Dilbert does Photoshop

Heh–I enjoyed reading this bit in Scott Adams’s FAQ, passed along by Photoshop engineer John Peterson:

Q. Do you still draw the comic on paper?

A. Most cartoonists still use paper, at least for most of the work. They typically finish it off on Photoshop after scanning the inked work. Photoshop might be used for the lettering (using a font of your own handwriting) or adding shading and effects.

About 2 years ago I had some hand problems (from overuse) and switched to drawing directly to the computer, which is easier on my hand. I have a computer monitor that allows me to draw directly to the screen (as opposed to a tablet on the desk). It’s the 21SX by Wacom. It cut my production time in half. It’s different from drawing on paper, and there’s a learning curve of a few months to get it down. But once you do, it’s amazing. I use Photoshop for the entire process now. Then I hit a few keys and e-mail it
to United Media.

The ability to erase pointy hair in the real world is still pending. πŸ˜‰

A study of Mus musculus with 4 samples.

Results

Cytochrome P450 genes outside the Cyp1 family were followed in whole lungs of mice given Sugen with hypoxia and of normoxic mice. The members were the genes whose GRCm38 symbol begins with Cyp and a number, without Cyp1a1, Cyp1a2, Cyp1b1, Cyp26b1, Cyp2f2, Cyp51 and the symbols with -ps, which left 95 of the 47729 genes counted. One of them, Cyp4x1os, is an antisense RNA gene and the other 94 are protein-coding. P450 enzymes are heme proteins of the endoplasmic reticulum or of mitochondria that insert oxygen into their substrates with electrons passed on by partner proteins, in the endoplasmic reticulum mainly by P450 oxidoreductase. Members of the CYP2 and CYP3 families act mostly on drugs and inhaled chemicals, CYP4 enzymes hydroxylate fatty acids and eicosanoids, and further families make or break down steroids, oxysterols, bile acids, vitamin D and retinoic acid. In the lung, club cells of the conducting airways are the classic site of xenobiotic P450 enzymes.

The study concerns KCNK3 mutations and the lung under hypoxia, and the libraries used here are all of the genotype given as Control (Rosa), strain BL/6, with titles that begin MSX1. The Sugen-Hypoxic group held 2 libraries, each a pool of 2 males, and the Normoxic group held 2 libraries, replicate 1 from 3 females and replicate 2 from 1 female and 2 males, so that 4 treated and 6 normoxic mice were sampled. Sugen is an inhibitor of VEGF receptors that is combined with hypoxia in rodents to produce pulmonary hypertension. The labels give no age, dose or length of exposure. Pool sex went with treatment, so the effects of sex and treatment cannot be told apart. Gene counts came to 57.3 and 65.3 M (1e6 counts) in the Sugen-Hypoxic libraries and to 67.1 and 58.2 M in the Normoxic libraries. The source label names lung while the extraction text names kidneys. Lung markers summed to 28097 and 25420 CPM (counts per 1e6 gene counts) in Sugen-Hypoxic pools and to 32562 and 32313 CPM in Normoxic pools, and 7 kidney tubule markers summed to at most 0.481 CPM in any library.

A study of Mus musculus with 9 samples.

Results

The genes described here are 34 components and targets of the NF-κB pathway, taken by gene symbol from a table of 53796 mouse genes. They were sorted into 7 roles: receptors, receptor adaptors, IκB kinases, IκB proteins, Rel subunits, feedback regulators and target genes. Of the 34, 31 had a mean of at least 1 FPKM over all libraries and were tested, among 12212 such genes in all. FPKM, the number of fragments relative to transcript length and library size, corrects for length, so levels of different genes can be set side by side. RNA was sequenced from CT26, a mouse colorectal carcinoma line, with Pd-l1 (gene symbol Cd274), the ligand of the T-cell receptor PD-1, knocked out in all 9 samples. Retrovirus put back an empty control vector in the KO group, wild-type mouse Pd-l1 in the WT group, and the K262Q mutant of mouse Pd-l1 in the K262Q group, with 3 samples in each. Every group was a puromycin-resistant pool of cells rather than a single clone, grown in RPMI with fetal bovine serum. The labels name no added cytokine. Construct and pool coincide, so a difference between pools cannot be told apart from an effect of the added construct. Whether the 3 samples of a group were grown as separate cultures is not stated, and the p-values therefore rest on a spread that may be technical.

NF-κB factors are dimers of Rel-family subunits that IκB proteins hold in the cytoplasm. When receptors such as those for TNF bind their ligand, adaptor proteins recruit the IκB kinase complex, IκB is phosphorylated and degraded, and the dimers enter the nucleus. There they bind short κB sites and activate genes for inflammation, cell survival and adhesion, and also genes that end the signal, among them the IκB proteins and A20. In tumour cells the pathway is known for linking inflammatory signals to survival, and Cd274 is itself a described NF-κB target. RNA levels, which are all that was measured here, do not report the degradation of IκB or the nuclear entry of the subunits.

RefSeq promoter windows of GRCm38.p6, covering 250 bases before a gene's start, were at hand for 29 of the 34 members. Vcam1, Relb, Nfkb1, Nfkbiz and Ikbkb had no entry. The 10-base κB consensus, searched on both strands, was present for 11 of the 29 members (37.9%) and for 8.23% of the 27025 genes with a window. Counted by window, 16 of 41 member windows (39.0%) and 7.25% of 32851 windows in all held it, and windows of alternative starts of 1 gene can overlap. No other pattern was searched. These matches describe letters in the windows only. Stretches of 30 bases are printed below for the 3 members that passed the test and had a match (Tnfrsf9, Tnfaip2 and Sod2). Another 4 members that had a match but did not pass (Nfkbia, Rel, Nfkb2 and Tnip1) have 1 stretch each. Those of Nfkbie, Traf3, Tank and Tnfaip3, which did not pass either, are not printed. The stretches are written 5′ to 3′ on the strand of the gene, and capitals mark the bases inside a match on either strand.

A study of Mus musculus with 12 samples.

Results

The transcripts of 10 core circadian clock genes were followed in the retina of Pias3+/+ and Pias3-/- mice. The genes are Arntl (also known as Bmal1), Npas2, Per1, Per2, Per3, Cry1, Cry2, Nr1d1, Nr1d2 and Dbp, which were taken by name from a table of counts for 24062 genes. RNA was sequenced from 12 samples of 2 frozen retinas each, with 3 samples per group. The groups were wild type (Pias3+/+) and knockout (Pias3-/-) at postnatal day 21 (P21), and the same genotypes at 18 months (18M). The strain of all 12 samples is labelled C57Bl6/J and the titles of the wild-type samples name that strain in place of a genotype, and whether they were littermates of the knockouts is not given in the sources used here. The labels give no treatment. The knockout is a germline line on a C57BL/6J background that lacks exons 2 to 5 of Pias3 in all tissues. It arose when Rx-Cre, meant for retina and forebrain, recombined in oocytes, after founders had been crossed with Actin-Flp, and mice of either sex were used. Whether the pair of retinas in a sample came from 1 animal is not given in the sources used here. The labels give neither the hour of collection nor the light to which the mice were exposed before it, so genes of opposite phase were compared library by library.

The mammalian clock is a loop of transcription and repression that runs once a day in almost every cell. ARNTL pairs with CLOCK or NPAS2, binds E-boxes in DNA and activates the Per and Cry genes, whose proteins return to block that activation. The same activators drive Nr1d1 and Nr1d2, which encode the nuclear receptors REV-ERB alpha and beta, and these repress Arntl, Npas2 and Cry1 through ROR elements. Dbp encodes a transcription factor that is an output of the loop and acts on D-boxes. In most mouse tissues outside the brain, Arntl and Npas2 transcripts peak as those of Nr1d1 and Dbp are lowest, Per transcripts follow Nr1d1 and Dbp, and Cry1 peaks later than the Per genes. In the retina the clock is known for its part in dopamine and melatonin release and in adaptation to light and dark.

0 thoughts on “Dilbert does Photoshop

  1. That’s fascinating. I always wonder about that when reading comics. Although I’d expect a vector-based program like Illustrator would be more effective for, you know, illustrating. Admittedly the rasterized approach is more comparable to pen and ink, but the scalability benefits of illustrator would seem to trump that.

  2. I wish I can afford a Wacom Cintiq 21SX. But I will settle for the tablet since I don’t have any disabilities.
    And… Adobe announced March 27th as the release date for Adobe Creative Suite 3.
    [Actually, the announcement is for the date of the *announcement*, not for the release. –J.]

  3. I don’t think it’s surprising that Photoshop is used for many styles of Illustration. Of course, everything always boils down to the personal preference of the illustrator, but I can certainly understand why Scott Adams would use PS for his daily tasks.
    It was only the most recent version of Illustrator (CS2) with a feature called Live Paint where an illustrator could better mimic the mannerisms of drawing with pen and ink. But sadly, few are aware of this functionality. The good news is that each version of Illustrator takes a step closer to more intuitive drawing without all of the technical stuff that gets in the way…
    Although I’d be more than happy to sit down with Mr. Adams and show him the light… πŸ™‚

  4. I have been interested in scanning cartoons and saving them as images within PDF but using OCR so that the text is searchable. However I wonder if there are any pointers on scanning to improve the accuracy of the Adobe OCR engine.